Let Every Breath… Secrets of the Russian Breath Masters
Let Every Breath gave me a lot to think about and at least eight years' worth of things to work on. Well worth reading.
It's a good book. I found the worshipful admiration and gratitude for his teachers a little off-putting … but I do appreciate the humility and gratitude that makes someone want to share how amazing someone else is. However, when I recommend it to others – and I will – I will probably suggest they begin in chapter 3, where the breath teaching starts.
The Russian Orthodox flavor was great. Many martial arts texts (particularly the older ones, but also a number of the new) are tinged with religion. After so many Buddhist, Daoist, Shinto, etc, it was nice to see an Eastern Christianity view.
You can tell that the creators of this method were special forces and that a lot of the early training was military. You can tell that the author practices about a dozen martial arts very intensely. How? The really rather sweet, innocent assumption that everyone who reads this book is an athletic male in his prime.
I have had to completely adjust every single exercise shown in this book to something I could do.
First they have you doing lots and lots of push-ups while doing interesting breath patterns...with no tension anywhere in your body. Just as I was trying to figure out if I (with my pathetic upper body strength) could possibly work up to doing a push-up that slowly if I did it from my knees, the author has a helpful suggestion. Guess what? If doing endless slow push-ups is so easy that not only do you not have any muscular tension but you're actually bored, you can hook one ankle behind the other to make it more interesting!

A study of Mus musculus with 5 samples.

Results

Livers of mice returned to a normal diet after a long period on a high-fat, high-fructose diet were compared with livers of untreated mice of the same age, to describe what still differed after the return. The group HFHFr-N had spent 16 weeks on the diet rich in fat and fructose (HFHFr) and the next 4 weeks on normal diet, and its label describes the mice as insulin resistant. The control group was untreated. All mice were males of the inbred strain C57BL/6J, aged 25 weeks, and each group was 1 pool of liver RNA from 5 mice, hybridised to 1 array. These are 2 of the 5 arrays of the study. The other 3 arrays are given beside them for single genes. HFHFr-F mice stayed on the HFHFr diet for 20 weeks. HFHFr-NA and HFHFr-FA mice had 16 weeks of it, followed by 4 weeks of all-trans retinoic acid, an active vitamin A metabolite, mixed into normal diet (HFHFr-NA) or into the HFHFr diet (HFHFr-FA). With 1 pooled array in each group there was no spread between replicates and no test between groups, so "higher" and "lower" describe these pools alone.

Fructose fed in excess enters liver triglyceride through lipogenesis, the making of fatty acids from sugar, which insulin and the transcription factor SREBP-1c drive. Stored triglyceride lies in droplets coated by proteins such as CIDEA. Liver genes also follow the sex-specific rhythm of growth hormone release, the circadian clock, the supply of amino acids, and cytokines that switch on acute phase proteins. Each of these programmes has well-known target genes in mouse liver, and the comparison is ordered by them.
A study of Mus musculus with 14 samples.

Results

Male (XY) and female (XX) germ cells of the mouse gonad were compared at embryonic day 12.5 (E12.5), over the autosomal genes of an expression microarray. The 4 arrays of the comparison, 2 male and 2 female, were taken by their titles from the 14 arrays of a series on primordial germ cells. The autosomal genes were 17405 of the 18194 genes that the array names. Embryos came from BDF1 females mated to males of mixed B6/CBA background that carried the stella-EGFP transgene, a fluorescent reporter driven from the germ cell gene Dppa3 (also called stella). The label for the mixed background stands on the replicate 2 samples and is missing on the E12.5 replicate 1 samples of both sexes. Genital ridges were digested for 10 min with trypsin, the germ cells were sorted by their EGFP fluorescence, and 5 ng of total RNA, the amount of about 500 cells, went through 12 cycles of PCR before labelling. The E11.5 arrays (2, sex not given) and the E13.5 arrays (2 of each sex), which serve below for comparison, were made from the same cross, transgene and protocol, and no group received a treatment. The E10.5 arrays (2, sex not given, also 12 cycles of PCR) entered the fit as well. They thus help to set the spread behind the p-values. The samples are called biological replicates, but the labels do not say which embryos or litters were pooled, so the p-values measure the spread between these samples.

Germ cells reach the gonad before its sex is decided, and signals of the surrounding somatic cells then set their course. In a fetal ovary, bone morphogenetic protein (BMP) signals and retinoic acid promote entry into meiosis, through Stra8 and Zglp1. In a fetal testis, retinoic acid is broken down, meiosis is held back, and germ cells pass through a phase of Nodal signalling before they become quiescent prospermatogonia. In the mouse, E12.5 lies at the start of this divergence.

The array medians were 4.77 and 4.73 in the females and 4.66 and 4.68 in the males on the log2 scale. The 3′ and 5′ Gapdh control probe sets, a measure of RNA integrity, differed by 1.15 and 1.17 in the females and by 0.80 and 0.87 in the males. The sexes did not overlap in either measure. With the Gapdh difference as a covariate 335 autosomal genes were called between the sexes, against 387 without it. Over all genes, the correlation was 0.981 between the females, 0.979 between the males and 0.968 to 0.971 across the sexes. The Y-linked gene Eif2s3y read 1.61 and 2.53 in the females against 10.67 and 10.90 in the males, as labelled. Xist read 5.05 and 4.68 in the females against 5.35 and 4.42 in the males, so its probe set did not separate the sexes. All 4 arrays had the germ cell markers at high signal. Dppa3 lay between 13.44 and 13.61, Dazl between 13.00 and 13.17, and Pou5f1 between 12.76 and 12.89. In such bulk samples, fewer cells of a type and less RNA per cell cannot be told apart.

I had to put the book down to laugh.
I remember my first day of kindergarten. I was four years old. I remember my mounting panic as I struggled to sit up as the teacher instructed, with my legs out straight ahead of me on the floor and my torso perpendicular to the floor. I couldn't do it. My legs simply aren't flexible like that. So I particularly enjoyed it as the writer explained that the double leg lift was easy for breath work because hey! Who can't just slowly lift both legs to a 90 degree angle without any tension? The trick, he says, is knowing when to stop so you don't overfill those lungs. Oh, and stop a lot along the way, not letting your back arch.
My Army friends would probably have a blast with this. But I am modifying every exercise for myself, based on the thought that breathing in these patterns under physical stress will probably bring me most of the same benefits: it just takes a lot less to stress my body that it does for, say, a Navy Seal.
Yes, as other reviewers have said, the actual content is more of a fat pamphlet than a book. But it is a very valuable fat pamphlet. It will take me several years to work through this, and more to make it a natural part of my everyday life. I am grateful that the author boiled down this game-changing teaching into so few words, so that we can grasp the important things and start working on them immediately. It is simply and purely the fundamentals, without frills to obscure the important parts. It is well explained and simple. And every coach, every sensei, every trainer will tell you that it's the correct practice of the fundamentals that matters.